Photos by John Ashley
Many are the nights that have enveloped me in the stars. I have taken dark night skies for granted. Only during my years of living in Seattle, Washington, and Santiago, Chile, were night skies hidden from my view by the pollution of bright city lights. And then, quite frankly, I was too busy with graduate school and exploring the Chilean culture to really notice or miss them. Plus, my many camping trips and excursions to the Cascade and Andes Mountains respectively brought them back to me.
Night skies sing to me. My mind is full of memories and images of the spectacular aurora borealis during long Alaska winter nights: the scary, dark forest nights of the new moon when our fires cast creepy shadows all around, searching for the evening star, lying awake with my children on the deck to count the meteors falling, and learning to read the southern hemisphere stars. Night skies give rise to night visions and mythical dreams. They have sung their songs to all of earth’s creatures throughout the ages. Earth’s predictable day-and-night cycles are encoded within the DNA of all life—plants and animals alike
It is all too easy to underappreciate that which is common in one’s life. In all too many parts of the world, night skies no longer exist. Humans, other animals, and even the plants have all been disrupted by man’s invading night lights. Thankfully, we have people among us who deeply understand and tirelessly work to bring it back to our attention, to acknowledge the tremendous value of night skies, and to motive us to protect it.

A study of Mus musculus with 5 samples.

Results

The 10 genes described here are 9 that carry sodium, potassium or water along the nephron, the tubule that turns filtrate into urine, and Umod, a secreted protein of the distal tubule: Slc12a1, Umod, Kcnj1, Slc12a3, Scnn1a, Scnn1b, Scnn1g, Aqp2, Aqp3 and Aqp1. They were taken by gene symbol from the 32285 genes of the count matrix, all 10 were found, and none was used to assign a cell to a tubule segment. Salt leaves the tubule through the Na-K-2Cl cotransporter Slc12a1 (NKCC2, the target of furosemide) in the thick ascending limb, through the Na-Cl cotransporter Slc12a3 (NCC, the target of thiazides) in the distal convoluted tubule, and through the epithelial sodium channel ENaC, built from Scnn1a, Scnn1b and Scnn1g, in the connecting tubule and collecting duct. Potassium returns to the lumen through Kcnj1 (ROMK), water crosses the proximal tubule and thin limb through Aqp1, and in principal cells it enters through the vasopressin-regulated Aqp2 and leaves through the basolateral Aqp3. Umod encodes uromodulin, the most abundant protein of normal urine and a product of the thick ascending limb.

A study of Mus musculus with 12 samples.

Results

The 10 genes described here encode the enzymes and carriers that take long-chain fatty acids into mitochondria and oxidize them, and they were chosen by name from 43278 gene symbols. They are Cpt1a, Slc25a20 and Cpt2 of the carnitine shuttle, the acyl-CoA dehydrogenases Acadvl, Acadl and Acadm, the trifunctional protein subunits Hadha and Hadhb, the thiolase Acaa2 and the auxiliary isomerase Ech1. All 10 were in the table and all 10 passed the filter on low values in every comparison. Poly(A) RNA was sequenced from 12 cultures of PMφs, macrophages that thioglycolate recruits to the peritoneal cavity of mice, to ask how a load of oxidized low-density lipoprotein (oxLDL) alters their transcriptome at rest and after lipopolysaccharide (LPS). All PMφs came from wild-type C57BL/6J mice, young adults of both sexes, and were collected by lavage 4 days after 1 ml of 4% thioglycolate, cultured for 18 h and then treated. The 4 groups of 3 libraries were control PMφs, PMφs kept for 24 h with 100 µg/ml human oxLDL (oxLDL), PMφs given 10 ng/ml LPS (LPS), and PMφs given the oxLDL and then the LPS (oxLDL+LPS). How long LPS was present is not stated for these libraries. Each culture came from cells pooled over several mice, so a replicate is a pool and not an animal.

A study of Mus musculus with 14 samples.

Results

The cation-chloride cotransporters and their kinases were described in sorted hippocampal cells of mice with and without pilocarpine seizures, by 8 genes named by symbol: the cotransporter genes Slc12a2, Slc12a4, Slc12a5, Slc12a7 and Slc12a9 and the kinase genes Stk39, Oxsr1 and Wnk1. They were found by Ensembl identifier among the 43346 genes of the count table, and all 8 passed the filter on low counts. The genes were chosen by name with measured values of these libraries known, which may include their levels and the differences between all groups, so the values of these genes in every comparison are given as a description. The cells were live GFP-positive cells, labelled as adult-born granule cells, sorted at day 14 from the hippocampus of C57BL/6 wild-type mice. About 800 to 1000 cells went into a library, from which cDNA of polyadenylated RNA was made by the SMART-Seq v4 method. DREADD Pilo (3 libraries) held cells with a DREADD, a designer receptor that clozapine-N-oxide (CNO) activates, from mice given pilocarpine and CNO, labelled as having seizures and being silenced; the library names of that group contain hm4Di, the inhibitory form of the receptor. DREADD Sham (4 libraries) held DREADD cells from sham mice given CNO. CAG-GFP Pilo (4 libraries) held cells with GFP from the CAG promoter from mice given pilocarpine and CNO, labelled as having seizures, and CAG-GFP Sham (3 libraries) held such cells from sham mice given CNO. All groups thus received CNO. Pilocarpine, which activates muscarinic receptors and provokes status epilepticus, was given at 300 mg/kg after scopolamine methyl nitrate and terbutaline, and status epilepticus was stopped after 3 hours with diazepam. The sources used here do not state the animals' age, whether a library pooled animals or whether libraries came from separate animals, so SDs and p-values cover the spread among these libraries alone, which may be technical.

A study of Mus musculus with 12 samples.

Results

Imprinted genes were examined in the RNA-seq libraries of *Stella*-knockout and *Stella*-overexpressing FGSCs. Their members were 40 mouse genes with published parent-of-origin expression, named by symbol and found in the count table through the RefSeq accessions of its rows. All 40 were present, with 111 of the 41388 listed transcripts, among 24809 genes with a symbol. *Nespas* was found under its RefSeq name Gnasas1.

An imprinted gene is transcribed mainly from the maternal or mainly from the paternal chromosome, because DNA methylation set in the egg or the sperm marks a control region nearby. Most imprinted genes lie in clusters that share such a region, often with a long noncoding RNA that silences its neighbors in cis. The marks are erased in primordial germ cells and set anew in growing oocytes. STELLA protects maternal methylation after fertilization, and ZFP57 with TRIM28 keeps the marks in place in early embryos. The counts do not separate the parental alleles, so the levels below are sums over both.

John Ashley is one such person. He has a broad range of interests and an equally broad range of talents and skills. A wildlife biologist, a journalist, and one of the world’s most artistic photographers, John Ashley does what few will do to capture night skies in stunningly beautiful ways that take our breath away and show what is truly at stake as our world shrouds them from view.
My most recent article in Distinctly Montana showcases John’s work, and more specifically his book, Glacier Park After Dark. I hope you will read it. If you haven’t visited John Ashley’s website or Facebook Page, you are truly missing out. His sensitivity to the world, its moods, its splendor, and its peril, are captured through his photography.
Horses and ospreys and wildlife and night skies, OH MY!
Come to Dunrovin Ranch to work with John Ashley for a four-day, three-night photographic extravaganza on June 12, 13, 14, and 15, 2018. We will travel to a forest lookout to view, study, and photograph the night sky, rise early in the morning to stalk the osprey catching their first fish of the day, play with lights and your imaginations with horses in the pastures, and ride out on horseback to find wildflowers in all their glory.
Call Dunrovin Ranch at 406-283-7745 to register today. Cost is $1,289 per person and includes lodging (double occupancy), food, activities, and instruction.